Under the ownership of the Stathopoulos family, Epiphone had a long history of producing acoustic and carved top guitars, and mandolins, and developed pickups for lap steel guitars as early as 1935. Epiphone electric Spanish guitars, however, were still some years away. In the early 1950s, Epiphone finally produced a number of full-bodied electric acoustics; very fine guitars such as the three pickup Emperor, two pickup Deluxe Electric (above), and the various versions of the Zephyr and Century. These were very nice guitars, and, in fact, the only electric guitars produced by Epiphone prior to the brand being taken over by Gibson in 1957.
These early hollow body guitars were beautifully-built, high quality instruments with fine appointments. They were fitted with Epiphone's 'New York' single coil units. These large body hollow body guitars had a great reputation amongst jazz and big band guitarists. Vintage Epiphone guitars from this pre-Gibson period are highly collectable instruments, and having only been produced in small numbers command quite high prices today. With the untimely death of Epaminondas Stathopoulos, the company lost it's direction, first relocating from New York to Philadelphia, and ultimately being absorbed by it's main competitor, Gibson. Many of the original Epiphone luthiers actually went on to work for the newly emerging Guild guitar company.
When Gibson took on the Epiphone marque, they brought production from Philadelphia to their Kalamazoo plant in Michigan. They inherited all tooling, partially finished instruments and components, allowing them to continue Epiphone production. Over the next few years, Gibson relaunched many of these models, and added several more; keeping original names, and selected design features and hardware from pre-Gibson days, but the majority were given a new thinner body, in keeping with the popular Electric Spanish series guitars just launched by Gibson (ES-330, ES-335 etc).
Only one pre-Gibson model, the Epiphone Broadway kept it's original full body depth, but it was joined in 1964 by a new model, a signature guitar for jazz guitarist Howard Roberts, and then a second model the Howard Roberts Custom in 1965. Both were eventually branded Gibson (see the Gibson Howard Roberts) once Epiphone production left Kalamazoo at the end of the 1960s.Image Heritage auctions
Guitars like the Riviera and Sheraton built reputations for themselves, but none more-so than the Casino which was favoured by, amongst others, the Beatles and the Rolling Stones. This was Kalamazoo-built Epiphone's best selling hollow-body, with almost 7000 guitars shipped throughout the 1960s. In terms of quality and functionality, these US Kalamazoo-built Epiphones were on par with Gibson's own output, and typically retailed at the same pricepoint.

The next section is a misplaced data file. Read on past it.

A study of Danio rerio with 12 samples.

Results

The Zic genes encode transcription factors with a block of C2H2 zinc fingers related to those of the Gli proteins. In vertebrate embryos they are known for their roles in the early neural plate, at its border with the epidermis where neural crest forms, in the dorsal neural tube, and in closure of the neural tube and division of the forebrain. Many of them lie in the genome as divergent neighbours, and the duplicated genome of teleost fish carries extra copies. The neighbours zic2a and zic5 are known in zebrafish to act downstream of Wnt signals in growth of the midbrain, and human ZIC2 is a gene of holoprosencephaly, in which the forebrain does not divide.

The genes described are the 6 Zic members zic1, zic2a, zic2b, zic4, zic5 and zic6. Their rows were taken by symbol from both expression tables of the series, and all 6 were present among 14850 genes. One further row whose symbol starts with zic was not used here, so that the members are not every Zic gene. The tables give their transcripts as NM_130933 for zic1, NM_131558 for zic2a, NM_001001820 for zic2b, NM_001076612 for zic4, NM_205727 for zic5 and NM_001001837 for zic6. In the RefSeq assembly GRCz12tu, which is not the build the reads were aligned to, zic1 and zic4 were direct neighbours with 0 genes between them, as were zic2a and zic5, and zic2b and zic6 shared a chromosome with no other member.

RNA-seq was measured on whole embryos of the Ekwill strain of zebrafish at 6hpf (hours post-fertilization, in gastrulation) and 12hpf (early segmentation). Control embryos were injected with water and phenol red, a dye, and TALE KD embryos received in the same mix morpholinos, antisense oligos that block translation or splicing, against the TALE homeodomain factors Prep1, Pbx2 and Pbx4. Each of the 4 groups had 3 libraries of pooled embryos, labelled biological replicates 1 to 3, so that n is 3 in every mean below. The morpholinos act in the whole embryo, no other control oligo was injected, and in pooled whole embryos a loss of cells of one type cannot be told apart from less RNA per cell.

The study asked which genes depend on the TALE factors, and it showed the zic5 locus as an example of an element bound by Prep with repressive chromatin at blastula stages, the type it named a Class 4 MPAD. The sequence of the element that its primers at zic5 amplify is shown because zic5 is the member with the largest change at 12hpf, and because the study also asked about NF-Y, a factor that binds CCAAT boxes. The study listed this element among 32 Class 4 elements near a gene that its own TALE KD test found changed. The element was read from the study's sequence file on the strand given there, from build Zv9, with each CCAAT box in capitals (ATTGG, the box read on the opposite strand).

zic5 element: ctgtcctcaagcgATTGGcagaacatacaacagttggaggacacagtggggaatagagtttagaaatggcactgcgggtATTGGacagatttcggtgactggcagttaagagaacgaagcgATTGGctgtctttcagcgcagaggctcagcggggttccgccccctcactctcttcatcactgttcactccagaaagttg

Market pressures in the late 1960s were forcing US manufacturers to offer lower priced guitars, able to compete with Asian imports. Epiphone production continued at Kalamazoo until 1969, but the decision was finally made to realign the brand below the US-built Gibsons. This coincided with a change of ownership of Gibson - the 'Norlin period'. Production of a new line of Epiphones was awarded to Aria, who produced a new electric acoustic model at the Matsumoku plant in Japan. Epiphone model 5102T was the only semi-acoustic guitar in the line at this time, morphing into the EA250 by 1972. These models were very basic, with a bolt-on neck; a world away from the quality American guitars bearing the marque in the 1960s.
But as the seventies progressed, Matsumoku production improved. By the mid 1970s, they were able to offer set neck reissues of the older models - however at a price point that confined them to the Japanese market. Finally in 1982, the Casino, Emperor, Riviera and Sheraton were again offered in the United States, and interestingly enough, a full body depth version of the Epiphone Emperor was available again for the first time since the mid-1950s.
Asian Epiphone production has continued since this time, though moving from Japan to Korea and China. Although not in the same league as the 1950s Stathopoulos-era, or the 1960s Kalamazoo-era guitars, modern day production techniques allow the offering of consistently good quality Epiphone electric acoustics, that sell very well today.